The Evening Standard, aka London Daily Bozza, was in characteristic Mayor-cheerleading mode yesterday as Jonathan Prynn declared “A £1 billion regeneration of the Deptford dockyards has been given the green light by Boris Johnson. The plan, drawn up by London architects Terry Farrell and Partners, includes 3,500 homes – 500 classified as affordable – shops, offices, restaurants and parks”.
And what would the name in the frame be, perchance? “The scheme, known as Convoys Wharf, is planned for a 41-acre riverside site, the location of the first Royal dockyards, where Queen Elizabeth I knighted Sir Francis Drake aboard the Golden Hind”. The framing of the announcement as a great achievement by Alexander Boris de Pfeffel Johnson masks the reality of what has really happened.
Hong Kong based Hutchison Whampoa had failed to get their plans past Lewisham Council last year, at which point they contacted Bozza directly and urged him to call in the scheme. This he did. And, apart from two small concessions to those opposing the proposals, the Mayor has duly waved it through. Some of the objections (you can see a summary HERE) are worth a closer look.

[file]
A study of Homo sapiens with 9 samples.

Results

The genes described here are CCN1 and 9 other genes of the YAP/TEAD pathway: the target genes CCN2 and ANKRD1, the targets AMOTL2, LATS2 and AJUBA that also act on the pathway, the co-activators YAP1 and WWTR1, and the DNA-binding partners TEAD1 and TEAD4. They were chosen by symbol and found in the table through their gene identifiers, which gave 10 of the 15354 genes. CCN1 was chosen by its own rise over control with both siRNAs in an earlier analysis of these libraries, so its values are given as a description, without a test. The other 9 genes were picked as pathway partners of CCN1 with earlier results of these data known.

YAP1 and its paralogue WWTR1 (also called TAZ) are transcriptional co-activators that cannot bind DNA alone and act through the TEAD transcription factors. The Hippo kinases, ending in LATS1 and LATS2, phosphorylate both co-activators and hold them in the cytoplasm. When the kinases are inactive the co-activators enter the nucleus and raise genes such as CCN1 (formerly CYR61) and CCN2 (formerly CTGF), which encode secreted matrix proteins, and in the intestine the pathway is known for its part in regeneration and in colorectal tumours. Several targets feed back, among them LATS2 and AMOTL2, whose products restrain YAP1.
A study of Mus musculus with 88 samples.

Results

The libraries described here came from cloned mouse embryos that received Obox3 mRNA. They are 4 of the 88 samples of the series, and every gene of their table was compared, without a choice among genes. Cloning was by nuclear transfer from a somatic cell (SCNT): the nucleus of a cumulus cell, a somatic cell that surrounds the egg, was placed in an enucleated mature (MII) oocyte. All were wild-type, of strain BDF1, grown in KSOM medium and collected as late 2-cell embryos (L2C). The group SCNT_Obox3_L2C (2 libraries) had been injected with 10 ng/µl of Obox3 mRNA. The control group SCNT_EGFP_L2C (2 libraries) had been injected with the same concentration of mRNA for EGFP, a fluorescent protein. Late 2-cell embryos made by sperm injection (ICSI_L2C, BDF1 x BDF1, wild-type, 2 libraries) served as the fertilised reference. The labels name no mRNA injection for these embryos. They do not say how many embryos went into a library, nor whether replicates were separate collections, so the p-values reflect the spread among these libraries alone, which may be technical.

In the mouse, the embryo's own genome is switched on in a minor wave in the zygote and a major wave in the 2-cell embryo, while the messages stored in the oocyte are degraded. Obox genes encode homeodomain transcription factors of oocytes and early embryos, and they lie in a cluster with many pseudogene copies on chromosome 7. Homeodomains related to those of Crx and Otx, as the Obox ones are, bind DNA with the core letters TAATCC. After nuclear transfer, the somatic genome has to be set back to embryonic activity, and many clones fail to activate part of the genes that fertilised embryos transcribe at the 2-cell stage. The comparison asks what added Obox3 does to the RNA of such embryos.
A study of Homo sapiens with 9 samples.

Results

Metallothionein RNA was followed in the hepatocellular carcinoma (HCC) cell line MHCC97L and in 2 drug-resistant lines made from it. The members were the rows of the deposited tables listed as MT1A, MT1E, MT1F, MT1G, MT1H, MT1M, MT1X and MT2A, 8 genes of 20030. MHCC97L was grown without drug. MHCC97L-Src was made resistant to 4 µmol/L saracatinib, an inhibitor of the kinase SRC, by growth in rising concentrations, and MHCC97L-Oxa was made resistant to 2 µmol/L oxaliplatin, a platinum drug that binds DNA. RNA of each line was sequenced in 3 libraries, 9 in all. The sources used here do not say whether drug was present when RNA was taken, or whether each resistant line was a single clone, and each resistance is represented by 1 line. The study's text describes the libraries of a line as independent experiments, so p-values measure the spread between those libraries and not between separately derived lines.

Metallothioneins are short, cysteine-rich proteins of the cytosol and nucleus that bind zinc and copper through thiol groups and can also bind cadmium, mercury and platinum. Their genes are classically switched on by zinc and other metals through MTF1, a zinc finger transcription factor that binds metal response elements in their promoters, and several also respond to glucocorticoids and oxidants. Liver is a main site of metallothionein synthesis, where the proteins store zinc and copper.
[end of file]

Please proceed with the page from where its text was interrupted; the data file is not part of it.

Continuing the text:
The proposed development is summed up thus: “The adverse impacts of this masterplan on Deptford and London are huge, mainly as a result of the density and building heights, its failure to acknowledge the history of the site and the character of the locality”. Ken Livingstone managed 37% of “affordable” housing on schemes approved during his tenure at City Hall. This scheme manages a paltry 14%.
It gets worse: “Recent excavations (which are far from complete) have shown recoverable remains below ground. The entire footprint of the Royal Dockyard can be found just below the concrete. Most of the remains found were more extensive and in better condition than had been predicted by initial surveys, and demonstrate the collective significance of the historical remains at the site”.
So all of that is going to be built over PDQ for the benefit of Hutchison Whampoa’s bottom line, and the remains of that “first Royal Dockyard” that the Standard described will be lost for decades to come, maybe even permanently. Oliver Wainwright was clearly on the money in January when he observed “By intervening in the local planning process, the mayor of London is creating a more exclusive, divided city of private enclaves, designed only for the needs of the rich”.
As with the West Kensington and Gibbs Green “redevelopment”, which continues to be vigorously opposed by local people, the message is that London has developer-friendly politicians who listen to money first, and existing residents some time later. Also, whether local transport links can handle the Convoys Wharf extra is doubtful.
Not that the Evening Standard will admit that to its readers. Shame on them.